Just eight years ago, Vietnam had 500,000 internet users, but 2008 numbers
indicate the country has more than 20 million users. IDG Ventures
believes there will be 36 million wired users by 2010, with the number only
expected to grow as more villages get internet access.
trying to create a little Silicon Valley here," said Don Phan, who
left Silicon Valley to create his own tech company in Vietnam. "I
tell my guys they can wear flip-flops and work remotely -- the things we do in
Companies such as Yelp, Craigslist, Facebook and LinkedIn are working in
Vietnam, and more companies are expected to open up offices in Vietnam
later. Yahoo and eBay both have a big presence in the nation, but have
yet to open up their own offices in the country -- but expect to hear about
startup acquisitions or possible Vietnamese headquarters being constructed.
Yahoo remains the most popular site in the country, even though it's a
foreign-based intently. American, Japanese and Taiwanese companies are expected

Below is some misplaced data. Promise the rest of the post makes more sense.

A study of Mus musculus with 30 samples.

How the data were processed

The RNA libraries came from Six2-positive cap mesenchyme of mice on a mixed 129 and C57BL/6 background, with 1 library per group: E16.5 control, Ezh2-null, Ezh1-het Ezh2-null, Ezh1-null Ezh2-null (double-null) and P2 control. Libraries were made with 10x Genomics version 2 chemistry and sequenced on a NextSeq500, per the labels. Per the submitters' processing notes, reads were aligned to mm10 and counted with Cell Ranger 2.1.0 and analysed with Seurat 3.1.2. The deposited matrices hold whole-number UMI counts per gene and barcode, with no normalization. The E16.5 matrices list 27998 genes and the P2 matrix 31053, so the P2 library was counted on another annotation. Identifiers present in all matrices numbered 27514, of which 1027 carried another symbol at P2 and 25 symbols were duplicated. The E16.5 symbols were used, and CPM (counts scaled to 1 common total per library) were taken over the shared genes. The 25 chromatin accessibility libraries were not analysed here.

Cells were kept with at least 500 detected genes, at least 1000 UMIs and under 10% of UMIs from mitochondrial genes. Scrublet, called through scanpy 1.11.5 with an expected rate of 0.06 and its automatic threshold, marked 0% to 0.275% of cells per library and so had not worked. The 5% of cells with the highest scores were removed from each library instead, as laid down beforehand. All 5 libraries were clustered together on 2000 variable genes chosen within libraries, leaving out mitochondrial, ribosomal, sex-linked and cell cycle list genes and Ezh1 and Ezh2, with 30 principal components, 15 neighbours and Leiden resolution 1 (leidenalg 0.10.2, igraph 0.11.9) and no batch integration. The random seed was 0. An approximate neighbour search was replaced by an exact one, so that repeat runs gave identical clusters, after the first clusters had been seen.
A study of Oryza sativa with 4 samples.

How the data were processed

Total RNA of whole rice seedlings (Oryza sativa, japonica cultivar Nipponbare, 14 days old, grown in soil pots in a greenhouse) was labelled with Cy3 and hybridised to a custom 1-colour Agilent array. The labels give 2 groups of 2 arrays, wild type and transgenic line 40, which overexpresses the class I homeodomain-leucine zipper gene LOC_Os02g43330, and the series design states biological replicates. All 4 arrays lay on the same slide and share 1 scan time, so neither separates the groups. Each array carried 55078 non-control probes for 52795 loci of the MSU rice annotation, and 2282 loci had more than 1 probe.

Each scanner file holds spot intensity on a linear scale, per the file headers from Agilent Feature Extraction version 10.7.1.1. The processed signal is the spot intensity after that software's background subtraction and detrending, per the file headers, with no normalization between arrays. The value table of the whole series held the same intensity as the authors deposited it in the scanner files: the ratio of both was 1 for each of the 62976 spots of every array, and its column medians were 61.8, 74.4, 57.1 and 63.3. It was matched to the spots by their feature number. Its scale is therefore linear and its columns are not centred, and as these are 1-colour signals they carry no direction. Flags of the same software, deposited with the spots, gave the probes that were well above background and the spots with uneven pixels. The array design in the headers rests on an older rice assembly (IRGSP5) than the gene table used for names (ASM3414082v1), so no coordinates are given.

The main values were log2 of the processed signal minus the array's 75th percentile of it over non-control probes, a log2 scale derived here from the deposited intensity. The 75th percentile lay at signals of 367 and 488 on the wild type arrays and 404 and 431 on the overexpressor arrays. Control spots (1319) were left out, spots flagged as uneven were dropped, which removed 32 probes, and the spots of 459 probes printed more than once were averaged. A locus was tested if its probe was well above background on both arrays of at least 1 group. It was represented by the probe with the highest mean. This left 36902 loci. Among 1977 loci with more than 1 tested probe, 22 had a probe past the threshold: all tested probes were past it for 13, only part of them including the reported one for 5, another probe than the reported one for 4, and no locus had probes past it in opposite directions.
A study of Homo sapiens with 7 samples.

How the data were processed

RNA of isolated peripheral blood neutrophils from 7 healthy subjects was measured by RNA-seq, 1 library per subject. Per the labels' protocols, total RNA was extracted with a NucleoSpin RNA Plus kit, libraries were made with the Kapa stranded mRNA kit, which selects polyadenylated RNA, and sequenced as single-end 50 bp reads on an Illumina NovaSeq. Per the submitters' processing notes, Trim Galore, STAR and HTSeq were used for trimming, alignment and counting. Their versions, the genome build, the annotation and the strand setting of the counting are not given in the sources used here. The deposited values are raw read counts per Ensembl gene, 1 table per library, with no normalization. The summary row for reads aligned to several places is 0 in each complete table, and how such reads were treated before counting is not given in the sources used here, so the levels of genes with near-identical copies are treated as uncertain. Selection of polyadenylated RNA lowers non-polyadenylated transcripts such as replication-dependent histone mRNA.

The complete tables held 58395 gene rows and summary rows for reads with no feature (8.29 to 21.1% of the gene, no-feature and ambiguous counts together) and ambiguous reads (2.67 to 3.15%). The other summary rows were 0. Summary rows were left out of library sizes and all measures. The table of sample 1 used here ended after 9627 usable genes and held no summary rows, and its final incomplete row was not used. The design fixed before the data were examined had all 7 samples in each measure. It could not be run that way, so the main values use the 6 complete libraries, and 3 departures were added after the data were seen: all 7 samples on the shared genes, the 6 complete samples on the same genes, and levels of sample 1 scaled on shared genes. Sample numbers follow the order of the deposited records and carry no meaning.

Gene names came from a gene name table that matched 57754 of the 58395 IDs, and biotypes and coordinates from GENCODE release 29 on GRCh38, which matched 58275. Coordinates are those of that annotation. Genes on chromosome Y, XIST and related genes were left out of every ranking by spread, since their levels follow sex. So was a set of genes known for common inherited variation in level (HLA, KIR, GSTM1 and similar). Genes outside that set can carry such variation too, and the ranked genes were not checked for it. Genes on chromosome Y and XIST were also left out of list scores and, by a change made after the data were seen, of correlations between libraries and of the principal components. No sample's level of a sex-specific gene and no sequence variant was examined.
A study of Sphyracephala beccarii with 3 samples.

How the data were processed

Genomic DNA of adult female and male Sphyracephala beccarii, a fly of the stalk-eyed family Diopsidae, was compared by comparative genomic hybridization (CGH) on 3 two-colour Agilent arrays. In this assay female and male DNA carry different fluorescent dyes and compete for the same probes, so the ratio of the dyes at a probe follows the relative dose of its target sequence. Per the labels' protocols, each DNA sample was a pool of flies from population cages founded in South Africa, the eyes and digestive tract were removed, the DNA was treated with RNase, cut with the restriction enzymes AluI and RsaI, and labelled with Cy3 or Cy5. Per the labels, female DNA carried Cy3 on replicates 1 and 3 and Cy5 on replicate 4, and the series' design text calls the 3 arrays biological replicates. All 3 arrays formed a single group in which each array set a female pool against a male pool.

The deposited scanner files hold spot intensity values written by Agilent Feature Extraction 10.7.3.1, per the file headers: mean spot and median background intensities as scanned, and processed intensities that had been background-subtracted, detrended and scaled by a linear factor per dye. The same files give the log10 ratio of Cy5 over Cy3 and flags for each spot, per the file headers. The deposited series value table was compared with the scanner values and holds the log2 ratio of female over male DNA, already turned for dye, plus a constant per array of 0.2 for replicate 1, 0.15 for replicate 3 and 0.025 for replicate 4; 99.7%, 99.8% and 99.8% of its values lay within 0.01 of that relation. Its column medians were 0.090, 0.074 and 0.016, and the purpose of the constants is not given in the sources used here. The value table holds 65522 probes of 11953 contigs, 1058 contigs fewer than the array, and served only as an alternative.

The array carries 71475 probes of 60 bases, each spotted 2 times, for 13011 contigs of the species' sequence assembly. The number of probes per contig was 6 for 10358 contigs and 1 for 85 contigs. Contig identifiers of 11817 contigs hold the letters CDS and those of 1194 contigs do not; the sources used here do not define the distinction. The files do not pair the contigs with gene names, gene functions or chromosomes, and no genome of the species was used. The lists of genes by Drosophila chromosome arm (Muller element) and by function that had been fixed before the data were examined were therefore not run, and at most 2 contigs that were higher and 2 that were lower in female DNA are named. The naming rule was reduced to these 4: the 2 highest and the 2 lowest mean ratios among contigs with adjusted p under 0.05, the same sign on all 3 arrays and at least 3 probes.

to continue dumping venture capitalist funds into the growing Vietnam industry.
Canon, Sanyo, Sony, Fujitsu, Toshiba, Matsushita and other Japanese companies
are investing billions into new R&D and manufacturing plants in
Vietnam. A Canon laser printer factory will soon output almost 80 percent
of the company's laser printer units, industry insiders report.
An area of concern is online advertising in the country, which is rather flat
at the moment. Once a proper advertising infrastructure is put into
place, then more online entrepreneurs are going to be willing to roll the dice
and enter the country.
Another area concern is government involvement in the budding industry, as
government officials are still unsure and inexperienced at handling the new
generation of technology. The Vietnamese government has no problem
assisting companies like Intel, but startup companies must wade through an
unorganized bureaucracy that remains unforgiving towards them.
But the government continues to support an open door policy for foreign
companies, and sometimes offers incentives for companies to begin working in
Vietnam. Vietnam's low labor costs and low finished product cost are two
other reasons companies are willing to create new facilities in a country that
still isn't technologically advanced.